Dissertation Writing Tips: How to Paraphrase
Don’t forget, though, you still have to provide an in-text citation for things you paraphrase, which is important to remember in order to avoid plagiarizing.
Make sure you understand what you are paraphrasing.
Paraphrasing isn’t merely changing a few words or the order of ideas. It’s reading material, sometimes from a variety of sources, critically thinking about it, and expressing those ideas in your own way, while also citing the material as needed. If you don’t fully understand the material you’re going to paraphrase, you might write new material that resembles the original too closely – or you could incorrectly paraphrase information. Think of it this way: the point of paraphrasing is to distill the information so that you could easily tell it to a friend. (But remember, it’s still academic writing!).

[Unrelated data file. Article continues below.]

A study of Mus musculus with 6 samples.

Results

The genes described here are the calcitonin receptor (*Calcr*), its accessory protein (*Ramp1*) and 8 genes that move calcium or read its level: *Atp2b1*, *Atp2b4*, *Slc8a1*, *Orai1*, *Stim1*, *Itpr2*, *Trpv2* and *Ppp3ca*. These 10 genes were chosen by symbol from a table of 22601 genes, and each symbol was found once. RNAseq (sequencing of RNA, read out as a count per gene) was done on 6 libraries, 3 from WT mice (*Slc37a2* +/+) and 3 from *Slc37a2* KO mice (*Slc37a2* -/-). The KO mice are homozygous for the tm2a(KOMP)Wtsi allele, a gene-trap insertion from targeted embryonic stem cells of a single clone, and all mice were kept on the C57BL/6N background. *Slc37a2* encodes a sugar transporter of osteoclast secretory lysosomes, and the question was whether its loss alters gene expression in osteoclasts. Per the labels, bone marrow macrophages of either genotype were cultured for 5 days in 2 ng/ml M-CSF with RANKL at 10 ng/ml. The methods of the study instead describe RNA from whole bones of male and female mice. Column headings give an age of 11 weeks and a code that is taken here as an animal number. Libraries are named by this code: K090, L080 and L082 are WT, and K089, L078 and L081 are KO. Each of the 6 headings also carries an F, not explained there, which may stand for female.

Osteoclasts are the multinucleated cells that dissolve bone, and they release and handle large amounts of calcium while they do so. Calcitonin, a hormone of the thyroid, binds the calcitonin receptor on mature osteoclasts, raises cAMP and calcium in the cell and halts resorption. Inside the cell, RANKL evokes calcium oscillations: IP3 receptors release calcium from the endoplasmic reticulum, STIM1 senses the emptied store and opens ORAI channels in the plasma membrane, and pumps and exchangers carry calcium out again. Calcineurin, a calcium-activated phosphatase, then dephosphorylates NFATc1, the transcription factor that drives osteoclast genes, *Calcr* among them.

Do the Work.
Paraphrasing isn’t easy, and it’s a multi-step process, NOT a shortcut. It involves reading the original material several times, taking notes on it, and making sure you fully understand the material. Once you have the notes and have thought about the material, then paraphrase those notes. If you’re finding it hard to do this, it might be that you don’t understand the material as well as you think you do.
In addition to using your own ideas, style, and synthesis of the research, don’t forget that you should mix up sentence structure, use longer or shorter sentences, and make passive voice into active voice. True paraphrasing involves making changes to the syntax of the original material. If you’ve thought about the material critically and understand it well, this will be easier.
If you’re concerned about whether you’ve paraphrased correctly, contact us today! Our line editing service provides comprehensive editing and feedback, and our coaching and consultation services can provide you with expert coaching and guidance to help take your work to the next level.